NCPA - National Center for Policy Analysis


May 9, 2008

As the presidential campaign heats up, a key issue is whether to extend President Bush's 2001 and 2003 income tax cuts, which expire in 2011.  Opponents of the tax cuts, Barack Obama in particular, point to spending programs that could be financed by the extra revenues.  In reality, repealing the tax cuts would raise taxes far above Clinton-era levels, says Andrew Biggs, a resident scholar at the American Enterprise Institute.  Due to quirks in the tax code, average taxes would be almost 25 percent higher than during the 1990s.

Tax revenues would skyrocket if the tax cuts expire, due to bracket creep.  Average incomes are higher today than in the 1990s, but income-tax brackets aren't adjusted for the growth of earnings.  As a result, Americans will shift into higher tax brackets and pay a greater share of their incomes in taxes.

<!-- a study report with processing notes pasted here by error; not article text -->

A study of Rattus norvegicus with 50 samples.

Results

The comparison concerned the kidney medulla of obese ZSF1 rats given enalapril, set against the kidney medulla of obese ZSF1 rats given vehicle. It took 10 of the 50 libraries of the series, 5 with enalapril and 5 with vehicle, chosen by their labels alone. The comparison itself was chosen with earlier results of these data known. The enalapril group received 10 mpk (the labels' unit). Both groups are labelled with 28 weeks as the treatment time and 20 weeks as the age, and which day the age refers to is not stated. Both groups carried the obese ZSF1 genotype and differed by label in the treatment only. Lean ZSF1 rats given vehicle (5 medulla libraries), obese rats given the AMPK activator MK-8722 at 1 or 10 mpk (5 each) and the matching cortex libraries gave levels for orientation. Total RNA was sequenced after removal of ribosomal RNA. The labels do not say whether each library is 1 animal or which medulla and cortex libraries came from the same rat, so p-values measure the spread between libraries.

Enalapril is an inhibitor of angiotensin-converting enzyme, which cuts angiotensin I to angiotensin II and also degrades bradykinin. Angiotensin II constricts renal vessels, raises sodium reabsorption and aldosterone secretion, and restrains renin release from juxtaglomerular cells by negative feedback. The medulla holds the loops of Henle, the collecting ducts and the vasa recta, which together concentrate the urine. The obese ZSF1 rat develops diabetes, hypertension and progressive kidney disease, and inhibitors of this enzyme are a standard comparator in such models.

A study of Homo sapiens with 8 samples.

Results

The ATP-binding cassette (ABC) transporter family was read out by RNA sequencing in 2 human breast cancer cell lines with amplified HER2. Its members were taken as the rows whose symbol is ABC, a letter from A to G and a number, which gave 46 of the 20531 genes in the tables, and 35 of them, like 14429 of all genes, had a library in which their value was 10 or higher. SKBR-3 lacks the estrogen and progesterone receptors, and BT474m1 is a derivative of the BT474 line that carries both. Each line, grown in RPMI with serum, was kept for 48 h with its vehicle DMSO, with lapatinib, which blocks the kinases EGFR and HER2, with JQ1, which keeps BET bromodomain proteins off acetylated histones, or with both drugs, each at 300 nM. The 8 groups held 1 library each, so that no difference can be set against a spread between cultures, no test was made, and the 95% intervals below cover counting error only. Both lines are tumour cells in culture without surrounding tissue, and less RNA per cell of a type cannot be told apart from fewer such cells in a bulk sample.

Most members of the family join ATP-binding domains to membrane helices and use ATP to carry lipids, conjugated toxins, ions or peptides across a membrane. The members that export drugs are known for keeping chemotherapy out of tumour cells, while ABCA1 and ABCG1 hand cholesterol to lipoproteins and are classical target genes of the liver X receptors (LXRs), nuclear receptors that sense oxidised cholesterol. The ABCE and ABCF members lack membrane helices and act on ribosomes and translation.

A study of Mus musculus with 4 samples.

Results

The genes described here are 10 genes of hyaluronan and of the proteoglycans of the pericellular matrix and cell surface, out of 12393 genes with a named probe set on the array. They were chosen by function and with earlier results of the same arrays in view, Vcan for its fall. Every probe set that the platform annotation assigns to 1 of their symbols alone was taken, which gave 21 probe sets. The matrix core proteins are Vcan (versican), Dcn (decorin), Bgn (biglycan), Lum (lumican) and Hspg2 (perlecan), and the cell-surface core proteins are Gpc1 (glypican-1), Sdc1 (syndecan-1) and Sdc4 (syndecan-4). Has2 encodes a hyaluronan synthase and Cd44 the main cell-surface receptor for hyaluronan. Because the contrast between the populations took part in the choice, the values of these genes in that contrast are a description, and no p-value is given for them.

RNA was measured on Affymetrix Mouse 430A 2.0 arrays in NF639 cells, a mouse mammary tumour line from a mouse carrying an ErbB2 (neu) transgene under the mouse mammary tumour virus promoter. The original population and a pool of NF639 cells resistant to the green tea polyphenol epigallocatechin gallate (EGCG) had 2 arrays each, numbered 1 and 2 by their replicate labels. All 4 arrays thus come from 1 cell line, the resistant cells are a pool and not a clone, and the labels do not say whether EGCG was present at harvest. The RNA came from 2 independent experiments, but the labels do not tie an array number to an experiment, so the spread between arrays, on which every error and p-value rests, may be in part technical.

For example:

  • If the tax cuts expire, income-tax revenues by 2018 will rise to 10.8 percent of the total economy from 8.7 percent today -- an increase of 24 percent.
  • Compared to the average over the last 50 years, allowing the rates to rise would increase tax revenues by 32 percent.

Income taxes will rise even if the tax cuts remain in place, because the revenue-increasing effects of bracket creep more than offset the lower rates, says Biggs:

  • With the lower rates, total income-tax revenues will increase to 9.3 percent of gross domestic product (GDP) by 2018.
  • This level is 7 percent higher than today, and 13 percent above the 1957-2007 average.

So even if the tax cuts are made permanent, future Americans will pay a greater share of their incomes to the government than in the past.  But for some in Washington, that's not enough, says Biggs.

Source: Andrew G. Biggs, "Obama's Faulty Tax Argument," Wall Street Journal, May 9, 2008.